An original MS
Total Pages : 2
Pages with text: 2
Transcriber: O'Dell, Sandra
Transcription date: May 21, 2015
Scrutiny: 21/05/2015 - Benny, Ruth;
Signed off: no
DEPARTMENT OF GEOLOGY,
LELAND STANFORD JUNIOR UNIVERSITY,
Stanford University (p. o.), California,
Feb[ruary] 21 1894.
My dear Dr. Wallace:-
I thank you for the list of books relating to River pollution; it was just what I needed.
I have read your very interesting articles in the Fortnightly Review2,3 with great pleasure. You make the case a pretty plain one, and if I could give you the data you mention from direct observation on a stream flowing from an Alaskan glacier I think you might properly call the case closed. I believe I can get observations made in Alaska for a month, but it would cost more than I could raise to carry them over a year. But there are two difficulties in the way of such observations: 1st, it would be necessary to find a glacier that received had no debris upon its upper surface; 2nd, the stream flowing from it would have to be above the reach of tides. For if there were material brought down on the surface the sediments discharged would not fairly represent ice erosion, and if the tides reached the ice there would be almost insurmountable difficulties introduced into the discharge observations. Will you not make some suggestions in regard to the work? I shall undertake the work in Alaska if there is a reasonable chance of getting trustworthy results.
In 1833 we had a pretty warm discussion of on the subject of glacier erosion in this country. You will find a short account of it in Science Vol. II. Sept[ember]. 7 1883, p[age]. 320, and in [] the Proc[eedings]. [of the] Am[erican]. Ass[ociation]. [for the] Adv[ancement]. [of] Sci[ence]. Vol XXXII, 1883 pp [pages] 200-201. Newberry4 in the latter place gives some interesting figures, and in the former paper Lesley5 gives it as his opinion that ice work is comparable to sand-papering a board. He gives this estimate of the comparative values of the agents mentioned
Cutting power of ice = 1.
" " " rainwater = 10.
" " " acidulated water = 100.
" " " ice set with stones = 1000.
" " " water set with stones = 10,000.
Newberry however, spoke of this table as the "figments of the imagination"[.]
In the Sixth Annual Rep[or]t. of the Director of the U[nited]. S[tates]. Geol[ogical]. Survey (1884-5) p[age]. 208, Chamberlin6, who is facile princeps7 on glacial geology in this country, shows the amount of drift in parts of the northern U[nited]. S[tates]. He and I have talked over this subject more or less, and as he confines himself usually to the facts that bear on it, what he says is always valuable.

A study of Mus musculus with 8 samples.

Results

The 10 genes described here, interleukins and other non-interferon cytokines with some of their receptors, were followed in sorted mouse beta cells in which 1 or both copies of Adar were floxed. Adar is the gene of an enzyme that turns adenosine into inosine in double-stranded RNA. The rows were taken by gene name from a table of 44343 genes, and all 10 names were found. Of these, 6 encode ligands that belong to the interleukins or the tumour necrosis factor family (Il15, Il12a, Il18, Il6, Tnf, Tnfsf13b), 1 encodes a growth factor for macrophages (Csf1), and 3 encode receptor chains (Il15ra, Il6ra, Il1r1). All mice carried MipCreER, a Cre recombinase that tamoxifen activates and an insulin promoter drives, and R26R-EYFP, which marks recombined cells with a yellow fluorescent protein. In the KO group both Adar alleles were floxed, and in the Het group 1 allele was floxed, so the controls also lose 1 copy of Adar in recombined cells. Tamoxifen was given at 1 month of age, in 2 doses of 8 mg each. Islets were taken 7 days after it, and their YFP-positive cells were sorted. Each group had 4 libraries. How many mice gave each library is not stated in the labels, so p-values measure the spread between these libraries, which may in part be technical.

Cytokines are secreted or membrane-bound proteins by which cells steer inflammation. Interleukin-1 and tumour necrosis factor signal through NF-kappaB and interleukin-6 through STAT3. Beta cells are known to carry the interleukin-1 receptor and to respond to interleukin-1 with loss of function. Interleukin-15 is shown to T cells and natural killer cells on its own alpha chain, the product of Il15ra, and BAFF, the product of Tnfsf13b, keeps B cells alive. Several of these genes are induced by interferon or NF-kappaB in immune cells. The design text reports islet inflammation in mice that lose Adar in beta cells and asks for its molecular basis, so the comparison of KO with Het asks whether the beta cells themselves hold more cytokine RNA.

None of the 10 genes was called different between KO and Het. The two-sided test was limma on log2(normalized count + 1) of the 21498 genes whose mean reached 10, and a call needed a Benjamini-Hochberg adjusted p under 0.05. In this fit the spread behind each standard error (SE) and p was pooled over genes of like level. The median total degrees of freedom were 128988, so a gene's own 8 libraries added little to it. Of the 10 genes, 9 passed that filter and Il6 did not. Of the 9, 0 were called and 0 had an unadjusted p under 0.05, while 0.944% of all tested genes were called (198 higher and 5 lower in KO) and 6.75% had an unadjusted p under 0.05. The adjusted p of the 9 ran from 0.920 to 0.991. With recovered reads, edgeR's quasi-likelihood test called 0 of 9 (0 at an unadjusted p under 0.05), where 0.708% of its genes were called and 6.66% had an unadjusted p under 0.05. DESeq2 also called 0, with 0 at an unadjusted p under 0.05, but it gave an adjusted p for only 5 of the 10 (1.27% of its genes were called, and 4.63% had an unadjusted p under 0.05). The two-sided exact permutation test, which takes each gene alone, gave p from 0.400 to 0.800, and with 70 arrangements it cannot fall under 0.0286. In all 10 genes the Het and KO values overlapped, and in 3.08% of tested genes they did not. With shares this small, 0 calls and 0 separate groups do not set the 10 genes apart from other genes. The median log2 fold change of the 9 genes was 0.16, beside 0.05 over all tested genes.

G. F. Wright8 is a book-maker, and whatever field-work he does is of a very slip-shod kind, so that no importance can be attached to his opinions. Lelsley Lesley who has always opposed the idea of great erosion by ice, presents what he considers as evidence on his side on pp. [pages] 12 [sic] and XIII and XIV of Report Z (Terminal Moraine) of the Pennsylvania survey9. This consists of the two profiles of a mountain, one where it that has been glaciated and the other where it has not -- necessarily very shaky evidence. Tarr10 has just called attention to the fact that Cayuga Lake in New York State is in a Ro rock basin. His paper hasn’t been published yet.
With best wishes, | very truly y[ou]rs | J. C. Branner11 [signature]
1. Page numbered 335 in pencil in top RH corner
2. Wallace, A. R. (1893) The Ice Age and Its Work. I. Erratic Blocks and Ice-sheets Fortnightly Review 54: 616-633.
3. Wallace, A. R. (1893) The Ice Age and Its Work. II. Erosion of Lake Basins Fortnightly Review 54: 750-774.
4. Newberry, John Strong (1822-1892). American geologist, physician, explorer and author. Professor of geology and paleontology in the School of Mines, Columbia College (now Columbia University) 1866-1890, where he created a museum of over 100,000 specimens.
5. Lesley, J. Peter (1819-1903). American geologist. He made extensive and important researches in the coal, oil and iron fields of the United States and Canada and became State geologist of Pennsylvania in 1874. He was a professor of geology at the University of Pennsylvania 1872-1878.
6. Chamberlin, Thomas Chrowder (1843-1928). American geologist and educator. His geologic mapping work in southeastern Wisconsin led him to recognize multiple episodes of glaciation during the Pleistocene. In 1876 became chief geologist for the Wisconsin geological survey, and head of the glacial division of the US Geological Survey in 1881. In 1892 he set up the department of Geology at the University of Chicago and remained as a professor until 1918.
7. An obvious leader (Lat.)
8. Wright, George Frederick (1838-1921). American geologist and a professor at Oberlin Theological Seminary, Ohio. He published works in geology, history and theology. He was assistant geologist with the Pennsylvania Geological Survey 1881-1882, and with the US Geological Survey 1884-1892.
9. Lewis H.C. (1884) Report on the terminal moraine in Pennsylavania and Western New York. Pennsylvania Geological Survey, 2nd ser., Report on Progress, Z, lvi, 299 pp.
10. Tarr, Ralph Stockman (1864-1912). American geographer. In 1892, he served as assistant in geology at Cornell University, where he was professor of dynamic geology and physical geography from 1897-1912. His book, with Lawrence Martin, Alaskan Glacier Studies was published posthumously in 1914.
11. Branner, John Casper (1850-1922). American geologist and academic. He was State geologist of Arkansas in 1887 and Chair of the departments of botany and geology at Indiana University 1885-1891. In 1891, he was appointed Professor and Chair of the department of geology at the newly opened Stanford University, California.